A US soldier has been charged with killing 17 Afghan civilians, including women and children, and attempted murder of six others while posted in Kandahar on March 11.

world Updated: Mar 24, 2012 08:57 IST

A US soldier has been charged with killing 17 Afghan civilians, including women and children, and attempted murder of six others while posted in Kandahar on March 11.

The soldier, who on Friday was officially identified as Army Staff Sgt Robert Bales, faces death penalty.

"It's the first step in this process," Pentagon spokesman Navy Capt John Kirby said during an off camera news conference.

Criminal charges to Bales have been filed under the Uniform Code of Military Justice (UCMJ).

Bales is assigned to 2d Battalion, 3d Infantry Regiment, headquartered at Joint Base Lewis-McChord in the Washington State.

He is currently in pre-trial confinement at Fort Leavenworth, Kansas.

The next procedural step in the military justice process is for the Special Court-Martial Convening Authority at Joint Base Lewis-McChord to decide whether to direct a probe of the charges under UCMJ Article 32.

An Article 32 investigating officer submits to the command a written report with non-binding recommendations concerning the sufficiency of the charges and evidence.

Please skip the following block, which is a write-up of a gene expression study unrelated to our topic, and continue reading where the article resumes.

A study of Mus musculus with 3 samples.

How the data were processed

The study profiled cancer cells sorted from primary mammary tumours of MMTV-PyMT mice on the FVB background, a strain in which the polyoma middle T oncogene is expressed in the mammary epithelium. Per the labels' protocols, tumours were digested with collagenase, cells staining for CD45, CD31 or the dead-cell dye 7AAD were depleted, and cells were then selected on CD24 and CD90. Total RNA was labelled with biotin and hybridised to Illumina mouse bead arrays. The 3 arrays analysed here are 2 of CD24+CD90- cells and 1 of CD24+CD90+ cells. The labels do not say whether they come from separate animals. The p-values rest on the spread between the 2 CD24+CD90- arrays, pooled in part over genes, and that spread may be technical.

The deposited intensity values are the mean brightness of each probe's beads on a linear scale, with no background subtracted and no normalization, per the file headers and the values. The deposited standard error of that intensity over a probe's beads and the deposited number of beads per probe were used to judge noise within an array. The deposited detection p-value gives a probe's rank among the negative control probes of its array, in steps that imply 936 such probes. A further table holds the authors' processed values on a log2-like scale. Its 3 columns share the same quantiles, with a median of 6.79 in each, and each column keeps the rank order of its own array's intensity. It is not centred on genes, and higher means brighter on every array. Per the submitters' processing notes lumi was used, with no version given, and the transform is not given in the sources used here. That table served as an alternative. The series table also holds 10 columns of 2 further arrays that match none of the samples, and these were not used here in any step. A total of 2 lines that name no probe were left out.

The report aids the command in determining an appropriate disposition of the charges.

The charges may not be referred to a general court-martial absent a prior Article 32 investigation.

At the minimum, Bales faces a sentencing to life in prison with the possibility of parole if he's convicted on even one of the 17 murder charges.

He could face the death penalty at the maximum.

Kirby said the investigation is still ongoing and it is possible that more charges could come until the investigation is closed.

In an email to the CNN, the Taliban vowed "strong revenge" for the attacks and claimed justice won't be served in US courts, which they said "are not reliable".

"We don't believe in these (American) courts and reject the decision," the Taliban said.

"We will take practical revenge on every single American soldier," it said.

Bales' lawyer, John Henry Browne, said the case is going to be "extremely difficult" for the prosecution.

"They have no murder scene, no forensics. I am going to make them prove every claim," he added.